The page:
January 16, 2024
Frontiers in Education offered students a chance for growth as both learners and scholars.
In October, seven Olin students co-presented three papers related to issues of diversity, equity, inclusion, and belonging (DEIB) in engineering education at the international Frontiers in Education (FIE) Conference with their faculty advisor, Yevgeniya “Zhenya” V. Zastavker, professor of physics and education.
Held in College Station, Texas, at Texas A&M University, the FIE Conference focuses on educational innovations and research in engineering and computing education leading the world to develop new research insights and educational approaches.
“The FIE conference allows participants to engage in deep and nuanced discussions of both the scholarship and praxis of engineering education,” says Zastavker, who brings students to the FIE Conference every year. “Therefore, I believe this is a beautiful venue for our students to contribute to and participate in because it’s important for them to grow as scholars while also deepening their understanding of their own experiences as both scholars and learners. This year, our student-presenters all did incredibly well, with many of them receiving invitations to apply to graduate programs in engineering education.”
Jen Sundstrom ’24 and Khue Pham ’25 co-presented their paper, “GeoExplorer and Gender Identity: The Impact of Gender in a Game-Based Learning Environment,” which investigates the gendered patterns of student interaction with GeoExplorer, a digital learning tool that simulates a field test that civil engineers conduct to understand soil properties.
“Attending the 2023 FIE Conference was a remarkable experience that left an indelible mark on my academic journey,” says Pham. “The prospect of presenting my work in front of graduate students and esteemed engineering faculty added a layer of anxiety that was both exhilarating and intimidating. Fortunately, our presentation went off without a hitch. This achievement instilled a newfound sense of confidence in my work and my ability to engage with my peers.”
Vaani Bhatnagar ’25, Adhishri Hande ’25, and Prisha Bhatia ’26 co-presented their paper, “Conforming and Non-Conforming Motivations in Students’ Learning Journeys,” which investigates engineering students’ narratives of their conforming and non-conforming motivations, decisions, and the results of making those decisions as pivotal learning moments in their journey of learning. The research expands on the group’s previous analyses of participants’ learning journeys using narrative analysis and grounded theory.
“While and after presenting, people in the audience seemed genuinely curious to learn more about our work, which allowed myself and my team to feel proud of all the work we did,” says Hande. “Professors from all over expressed that they did not expect us to be undergraduate students […] These remarks were very validating that we had done good work and [made] me even more excited to conduct qualitative research.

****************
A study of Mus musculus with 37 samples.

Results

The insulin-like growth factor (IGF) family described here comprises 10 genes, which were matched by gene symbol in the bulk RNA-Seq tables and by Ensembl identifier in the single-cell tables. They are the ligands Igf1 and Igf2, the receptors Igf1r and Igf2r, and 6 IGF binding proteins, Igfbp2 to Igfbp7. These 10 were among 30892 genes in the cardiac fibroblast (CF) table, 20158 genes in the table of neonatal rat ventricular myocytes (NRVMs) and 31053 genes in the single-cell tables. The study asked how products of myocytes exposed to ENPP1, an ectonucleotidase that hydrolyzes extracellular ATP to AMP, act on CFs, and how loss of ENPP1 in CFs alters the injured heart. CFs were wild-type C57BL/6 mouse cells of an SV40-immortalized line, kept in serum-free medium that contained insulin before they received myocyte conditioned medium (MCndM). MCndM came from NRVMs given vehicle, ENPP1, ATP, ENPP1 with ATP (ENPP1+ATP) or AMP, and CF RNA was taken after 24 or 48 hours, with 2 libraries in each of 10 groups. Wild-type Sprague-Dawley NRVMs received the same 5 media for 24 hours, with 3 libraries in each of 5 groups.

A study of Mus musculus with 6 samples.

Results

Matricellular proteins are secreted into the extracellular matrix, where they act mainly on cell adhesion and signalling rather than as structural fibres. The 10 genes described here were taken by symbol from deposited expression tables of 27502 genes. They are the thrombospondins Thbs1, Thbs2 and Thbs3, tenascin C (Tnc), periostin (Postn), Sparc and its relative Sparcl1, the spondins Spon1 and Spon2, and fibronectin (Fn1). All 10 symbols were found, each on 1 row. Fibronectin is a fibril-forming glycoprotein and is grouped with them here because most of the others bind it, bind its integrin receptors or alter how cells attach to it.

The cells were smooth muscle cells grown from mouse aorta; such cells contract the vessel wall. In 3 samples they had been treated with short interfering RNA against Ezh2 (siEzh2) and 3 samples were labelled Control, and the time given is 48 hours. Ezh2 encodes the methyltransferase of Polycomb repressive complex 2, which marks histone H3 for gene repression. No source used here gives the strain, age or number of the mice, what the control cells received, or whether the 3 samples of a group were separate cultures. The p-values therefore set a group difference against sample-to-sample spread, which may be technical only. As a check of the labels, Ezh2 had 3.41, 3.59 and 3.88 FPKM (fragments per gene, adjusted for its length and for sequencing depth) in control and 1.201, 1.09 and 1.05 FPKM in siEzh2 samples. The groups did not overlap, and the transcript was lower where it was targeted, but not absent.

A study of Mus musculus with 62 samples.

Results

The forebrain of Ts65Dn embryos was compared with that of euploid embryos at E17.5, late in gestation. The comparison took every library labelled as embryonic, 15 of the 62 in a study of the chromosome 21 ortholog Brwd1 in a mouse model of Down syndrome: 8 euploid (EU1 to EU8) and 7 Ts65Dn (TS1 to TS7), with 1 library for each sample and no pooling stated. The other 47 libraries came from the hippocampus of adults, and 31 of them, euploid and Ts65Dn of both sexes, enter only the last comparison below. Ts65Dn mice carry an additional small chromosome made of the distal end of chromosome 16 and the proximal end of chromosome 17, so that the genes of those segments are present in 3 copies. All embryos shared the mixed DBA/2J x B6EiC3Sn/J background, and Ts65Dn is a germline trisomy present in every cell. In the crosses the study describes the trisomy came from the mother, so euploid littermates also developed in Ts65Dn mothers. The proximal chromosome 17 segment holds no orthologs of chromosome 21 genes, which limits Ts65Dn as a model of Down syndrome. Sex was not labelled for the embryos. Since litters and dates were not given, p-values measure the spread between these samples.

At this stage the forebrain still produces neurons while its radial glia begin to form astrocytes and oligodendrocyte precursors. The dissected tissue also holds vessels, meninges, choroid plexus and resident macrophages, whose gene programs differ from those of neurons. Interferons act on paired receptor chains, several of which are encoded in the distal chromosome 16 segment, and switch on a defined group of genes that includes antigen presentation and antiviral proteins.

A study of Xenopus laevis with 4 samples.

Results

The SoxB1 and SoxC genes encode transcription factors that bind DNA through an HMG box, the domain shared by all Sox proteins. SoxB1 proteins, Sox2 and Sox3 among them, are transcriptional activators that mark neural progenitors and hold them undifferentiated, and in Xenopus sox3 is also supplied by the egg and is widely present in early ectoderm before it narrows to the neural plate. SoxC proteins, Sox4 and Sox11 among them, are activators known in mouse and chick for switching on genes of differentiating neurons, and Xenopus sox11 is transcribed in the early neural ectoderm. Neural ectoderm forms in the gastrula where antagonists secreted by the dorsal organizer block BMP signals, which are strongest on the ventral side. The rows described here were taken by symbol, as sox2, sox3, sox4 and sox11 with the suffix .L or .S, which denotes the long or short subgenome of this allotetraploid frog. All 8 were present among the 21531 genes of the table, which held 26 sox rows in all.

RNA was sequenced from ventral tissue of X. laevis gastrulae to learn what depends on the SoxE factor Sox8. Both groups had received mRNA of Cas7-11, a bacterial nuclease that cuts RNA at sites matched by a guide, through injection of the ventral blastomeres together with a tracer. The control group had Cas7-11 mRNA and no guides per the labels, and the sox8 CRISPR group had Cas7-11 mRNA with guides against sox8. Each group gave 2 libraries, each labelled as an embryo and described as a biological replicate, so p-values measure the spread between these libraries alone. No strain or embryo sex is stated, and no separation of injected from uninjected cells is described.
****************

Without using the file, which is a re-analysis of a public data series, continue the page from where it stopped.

Grant Goodall ’24 and Keanu Richards ’24 co-presented their research on “Secondary Data Analysis (SDA) as a Research and a Training Tool: First-Year Engineering Experience.” In the paper, Goodall and Richards report on the process of and findings from an SDA of a primary study about the role of First-Year Engineering (FYE) experiences on students’ engineering identities and community.
“This was my second time being able to present at the FIE conference and my first time presenting a paper that I am the author of,” says Goodall. “Overall, I had a great time presenting at the conference, learning about the new research done on education, and working/bonding with everyone in Zhenya’s research group as we explored FIE and College Station.”
In addition to the presentations, the students attended other sessions to broaden their engineering education knowledge.
“I enjoyed a couple of sessions in particular due to their interrelatedness with each other and myself,” says Richards. “’Exploring Undergraduate Engineering Students' Changing Beliefs About Smartness in Engineering’” made me think about the ways in which I used to think about smartness and how much that has changed now. Also, “’Seekers, Bridgers, and Agents of Hidden Curriculum in Engineering’” was about the unacknowledged lessons in learning environments that serve as a detriment to those on the outside of these curricula. I found the whole concept interesting and thought about times in my education when I might have acted as a seeker, bridger, agent, or a combination of the three.”
Zastavker also presented a special session with her colleague Madhvi Venkatesh, assistant professor of biochemistry and educator faculty at Vanderbilt School of Medicine. Their work, “Finding Belonging in Engineering Education: A Contemplative Approach,” provides a theoretical and experiential understanding of contemplative pedagogies and how they can be used to create learning spaces that foster belonging.
“I’m especially proud that all four presentations and the work they are derived from have a focus that is aligned with Olin’s mission of Engineering for Everyone,” says Zastavker. “Bringing those conversations into an international forum and hearing what’s happening in the DEIB space on a global level provides our students with a broad and deep understanding of the importance of ensuring that engineering is an open and accepting space for all.”